Faced with intense public opposition, a county consultant has decided to let someone else worry about a controversial plan to widen County Road 48 to four lanes sometime in the next century. "We will allow those people who are living there at the time to come up with a solution," Joseph Kubicki, director of transportation services for King Engineering Associates Inc., said last week.

Residents aren't ready to allow the consultant and the County Commission, which is scheduled to consider the project on Tuesday, off the hook.

The issue of the road widening heated up last month with opponents objecting to the project because it would endanger trees planted in the 1800s.

The road widening was to be the second phase of the road extension project that would create a bypass around downtown Inverness, which is to be the first phase of the project.

Now, opponents aren't happy about either phase.

The $3.9-million first phase would extend CR 48 about four miles from U.S. 41, where it now ends, to County Road 581. The intended purpose is to relieve congestion along U.S. 41.

Opponents initially feared the plan to widen the road to four lanes would require cutting down some of the canopied oak trees along Orange Avenue, the name for CR 48 as it runs through Floral City.

King Engineering came up with a proposal to create four lanes without widening the street.

Under that plan, traffic would have been routed one way down the two lanes of Orange Avenue and the other way down the two lanes of a parallel street.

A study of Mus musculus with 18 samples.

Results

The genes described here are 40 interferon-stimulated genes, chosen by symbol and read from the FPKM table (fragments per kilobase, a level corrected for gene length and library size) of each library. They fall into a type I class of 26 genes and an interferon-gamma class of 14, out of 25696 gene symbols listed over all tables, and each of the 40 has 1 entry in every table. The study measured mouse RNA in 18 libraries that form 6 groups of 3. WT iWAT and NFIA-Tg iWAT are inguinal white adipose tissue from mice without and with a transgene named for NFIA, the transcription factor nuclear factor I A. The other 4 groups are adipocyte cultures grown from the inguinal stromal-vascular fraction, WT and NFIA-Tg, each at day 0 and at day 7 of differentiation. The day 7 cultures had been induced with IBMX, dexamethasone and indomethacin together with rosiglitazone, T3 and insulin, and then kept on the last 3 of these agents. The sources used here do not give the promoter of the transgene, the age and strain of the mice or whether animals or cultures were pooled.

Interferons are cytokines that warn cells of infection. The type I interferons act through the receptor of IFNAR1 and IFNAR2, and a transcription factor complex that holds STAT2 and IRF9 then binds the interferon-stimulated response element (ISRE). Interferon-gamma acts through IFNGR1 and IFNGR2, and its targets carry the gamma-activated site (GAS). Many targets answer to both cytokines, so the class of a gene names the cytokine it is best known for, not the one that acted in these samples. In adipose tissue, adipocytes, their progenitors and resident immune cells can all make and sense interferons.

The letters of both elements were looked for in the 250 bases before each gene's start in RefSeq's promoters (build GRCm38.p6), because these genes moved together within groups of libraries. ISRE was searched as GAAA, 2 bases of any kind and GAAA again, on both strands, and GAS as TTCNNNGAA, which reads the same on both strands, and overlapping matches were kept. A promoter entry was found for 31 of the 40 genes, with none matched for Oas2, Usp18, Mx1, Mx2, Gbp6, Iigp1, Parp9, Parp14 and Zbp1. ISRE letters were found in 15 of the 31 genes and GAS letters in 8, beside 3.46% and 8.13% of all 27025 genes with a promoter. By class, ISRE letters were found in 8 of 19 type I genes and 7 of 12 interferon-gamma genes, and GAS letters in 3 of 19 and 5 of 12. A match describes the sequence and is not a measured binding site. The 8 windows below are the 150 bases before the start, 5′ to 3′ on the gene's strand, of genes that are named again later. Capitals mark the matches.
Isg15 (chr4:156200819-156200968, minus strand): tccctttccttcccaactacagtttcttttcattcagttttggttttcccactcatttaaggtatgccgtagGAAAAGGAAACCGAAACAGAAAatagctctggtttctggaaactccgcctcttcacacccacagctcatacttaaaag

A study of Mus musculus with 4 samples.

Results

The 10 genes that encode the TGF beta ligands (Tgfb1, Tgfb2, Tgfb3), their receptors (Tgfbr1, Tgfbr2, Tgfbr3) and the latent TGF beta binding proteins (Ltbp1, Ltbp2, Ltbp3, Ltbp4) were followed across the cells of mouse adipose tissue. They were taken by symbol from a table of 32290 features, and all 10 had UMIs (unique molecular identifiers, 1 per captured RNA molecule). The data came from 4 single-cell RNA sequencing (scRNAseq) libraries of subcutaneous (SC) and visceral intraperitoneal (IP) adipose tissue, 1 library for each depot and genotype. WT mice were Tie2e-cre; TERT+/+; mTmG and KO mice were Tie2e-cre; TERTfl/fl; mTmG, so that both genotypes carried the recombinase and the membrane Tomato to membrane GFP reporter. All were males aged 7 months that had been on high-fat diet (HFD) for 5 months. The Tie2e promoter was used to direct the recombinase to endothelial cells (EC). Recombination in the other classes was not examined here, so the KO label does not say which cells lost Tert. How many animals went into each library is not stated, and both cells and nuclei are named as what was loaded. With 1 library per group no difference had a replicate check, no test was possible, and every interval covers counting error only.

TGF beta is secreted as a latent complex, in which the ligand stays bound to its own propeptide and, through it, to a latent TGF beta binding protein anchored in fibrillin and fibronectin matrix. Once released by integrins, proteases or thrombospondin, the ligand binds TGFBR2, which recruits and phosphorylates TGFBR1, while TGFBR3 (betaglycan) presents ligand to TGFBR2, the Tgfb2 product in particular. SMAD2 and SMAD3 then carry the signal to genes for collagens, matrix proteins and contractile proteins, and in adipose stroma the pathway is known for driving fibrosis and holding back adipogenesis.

Floral City residents still objected, and King Engineering dropped all references to four lanes in the proposal going before the commissioners on Tuesday.

Now, residents say the CR 48 extension will harm the oak trees whether or not the street is widened.

"It will destroy Floral City as a unique historic place because it will destroy the trees," said Marcia Beasley, who lives on Duval Island in Floral City.

"The trees will not stand up to the kind of traffic (forecast for the road). Already the trees are being destroyed by (fumes from) heavy trucks."

Beasley, a member of the Citrus County Historical Society, is helping organize an effort to designate downtown Floral City as a historic site on the National Register.

King Engineering also looked at two, less direct alternatives for the extension.